Is COVID-19 still a cause for concern at concerts and festivals in South Florida?

Hearing words like “lockdown” and “quarantine” in passing might be enough to excavate a few bleak memories unconsciously buried. That’s trauma in a nutshell, really. It’s the reason why you might second guess going to that indie concert in the cramped warehouse, or the festival with 100,000 people itching to stand front row for the big headliner.

Is the risk of getting sick really worth it?

COVID-19 has changed the way people behave, how businesses are run and how events are carried out. The live music industry has felt the brunt of that blow. Nowadays personal space is something of a delicacy, but that ceases to exist when hundreds, or thousands, of people are all eager to cram into the same enclosure.

Young people have grown tired of stifling their yearning for interpersonal connection. A lot of time came and went while everyone was stuck inside; the desire to try and make up for it can be justified.

“I think [COVID safety] should be a priority, however, I feel like it’s not that big of a deal anymore,” says Amanda Fariñas, a 24-year-old Miami-based event coordinator in the music industry. “To be honest, even if everybody on your team is wearing a mask, there are going to be moments where you’re not wearing a mask. Going to a concert or festival, you can’t control hundreds of people. There’s no way to regulate that in real life.”

Among the bodies pressed against each other at concerts across the country, both COVID-19 and the emergent monkeypox disease are fitting right in. Artists and venues alike are finding it increasingly difficult to do tours without treading the tightrope of falling ill. A positive test result could be the catalyst to consecutive shows being canceled or postponed on short notice, effectively resulting in a loss of funds.

The Strokes, The Rolling Stones, Roddy Ricch, Rina Sawayama, and Adele are among a plethora of musical acts that have had to call off or push back performances this year due to sickness. Dominican musician Juan Luis Guerra had a concert at Miami’s FTX Arena rescheduled for the same reason this past spring.

Despite this, nationwide tours and large-scale festivals are still in full swing, especially in Miami. Nearly 200,000 sunseekers were in attendance at Rolling Loud in July, and the well-anticipated III Points festival is set to bring in thousands of their own attendees this weekend. Ultra Music Festival recently announced their 2023 dates and headliners.

For 26-year-old recording artist NevaNotWorkin, every day is a day to put work in, and the “ecosystem” he works in makes a living off of the music industry. Thanks to safety protocols that were in place when the pandemic started, he feels COVID is no longer the end-all-be-all it once was for concerts. Like Fariñas, he feels that people are going to do as they please regardless. Simply put, “All you can do is guide them and advise them as best as possible,” he says.

Long gone are the days where mask mandates, proof of vaccination, and social distancing protocols stood as pillars to fight the spread of disease at public gatherings. Signage that even slightly alludes to COVID prevention at a concert or festival is rare to find at this point. Maybe this is what people were longing for all along: the illusion of no longer living in the midst of a deadly pandemic.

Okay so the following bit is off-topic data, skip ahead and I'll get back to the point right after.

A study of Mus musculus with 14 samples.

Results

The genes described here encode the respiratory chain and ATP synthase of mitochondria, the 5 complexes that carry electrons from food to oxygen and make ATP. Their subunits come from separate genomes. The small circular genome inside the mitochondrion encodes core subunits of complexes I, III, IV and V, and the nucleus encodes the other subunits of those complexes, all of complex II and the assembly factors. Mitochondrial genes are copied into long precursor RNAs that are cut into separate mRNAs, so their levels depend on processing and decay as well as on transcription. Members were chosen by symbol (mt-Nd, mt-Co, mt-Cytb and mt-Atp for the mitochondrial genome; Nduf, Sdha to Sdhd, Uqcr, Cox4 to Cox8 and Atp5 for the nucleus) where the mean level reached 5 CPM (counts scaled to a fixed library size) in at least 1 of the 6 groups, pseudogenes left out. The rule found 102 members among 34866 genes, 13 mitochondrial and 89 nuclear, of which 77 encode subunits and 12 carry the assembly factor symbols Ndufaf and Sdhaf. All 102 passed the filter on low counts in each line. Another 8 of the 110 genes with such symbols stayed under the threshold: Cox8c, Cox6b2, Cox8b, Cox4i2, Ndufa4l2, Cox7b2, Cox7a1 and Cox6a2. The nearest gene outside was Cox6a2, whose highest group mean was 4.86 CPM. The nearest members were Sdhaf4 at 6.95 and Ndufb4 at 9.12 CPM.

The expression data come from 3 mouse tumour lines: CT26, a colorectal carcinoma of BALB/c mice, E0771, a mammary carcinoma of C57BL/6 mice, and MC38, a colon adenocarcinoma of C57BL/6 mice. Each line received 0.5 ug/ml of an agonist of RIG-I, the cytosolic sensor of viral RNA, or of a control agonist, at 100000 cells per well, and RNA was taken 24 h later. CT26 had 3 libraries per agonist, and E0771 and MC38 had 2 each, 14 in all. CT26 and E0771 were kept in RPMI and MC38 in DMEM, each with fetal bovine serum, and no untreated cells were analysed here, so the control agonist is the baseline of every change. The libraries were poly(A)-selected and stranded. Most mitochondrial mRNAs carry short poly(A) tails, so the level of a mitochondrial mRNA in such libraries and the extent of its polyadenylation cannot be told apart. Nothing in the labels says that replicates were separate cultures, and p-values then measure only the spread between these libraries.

Sebastian Victor, a 30-year-old Broward resident, music fan, and instrumentalist, last went to a concert in February of 2020 at Ft. Lauderdale’s Revolution Live. After spending the next two years in fear of COVID, he now feels that widespread vaccination and herd immunity have made it easier to be in large crowds again. Regardless, the path up to now has been frustrating.

“We thought [the pandemic] was just gonna be two weeks, it turned out to be two years,” Victor says. “I think we’re being a bit more lackadaisical because now there’s vaccines. As impatient as I am, I have no problem waiting for something as long as I know when it’s going to end. The moment we get to the finish line and you push it back, that’s when I have a problem.”

According to the New York Times, there’s been at least 1,451,171 reported COVID cases in Miami-Dade since the start of the pandemic, accounting for more than half of the county’s residents. Fortunately, total cases in the past two weeks are down 43% compared to the previous two, but the daily average of cases is still just over 500. The virus hasn’t gone away, even if it feels like it.

Monkeypox spreads considerably slower than COVID, but its presence in South Florida still warrants regular attention. Media attention on it has been sparse and subdued, leaving room for hope that the disease won’t develop into the behemoth that unfolded in late 2019. What’s widely known is that it’s a painful rash that may surface on or around the genitals, face, chest, and back.

The CDC reports that it spreads through “close, personal, often skin-to-skin contact,” including direct contact with rashes as well as fabrics, surfaces, or objects touched by someone with the disease. Symptoms begin development three weeks after exposure and can last for two to four weeks. Though the CDC claims there are 633 confirmed cases in Florida, state reports refute that only 507 are confirmed.

No matter what the numbers say, South Florida is once again a free-for-all for audiophiles and party animals alike. Gov. DeSantis isn’t a fan of many health and safety mandates, so evidently the show must go on.

Residents are learning that in order to have peace of mind, their best course of action is to carry on living like it’s 2019 again. Without the post-pandemic anxiety.

Olivier Lafontant is an aspiring music journalist who is pursuing a Bachelor's degree in digital journalism at Florida International University. He enjoys thrifting, collecting vinyl, taking film photography and watching sports in his free time.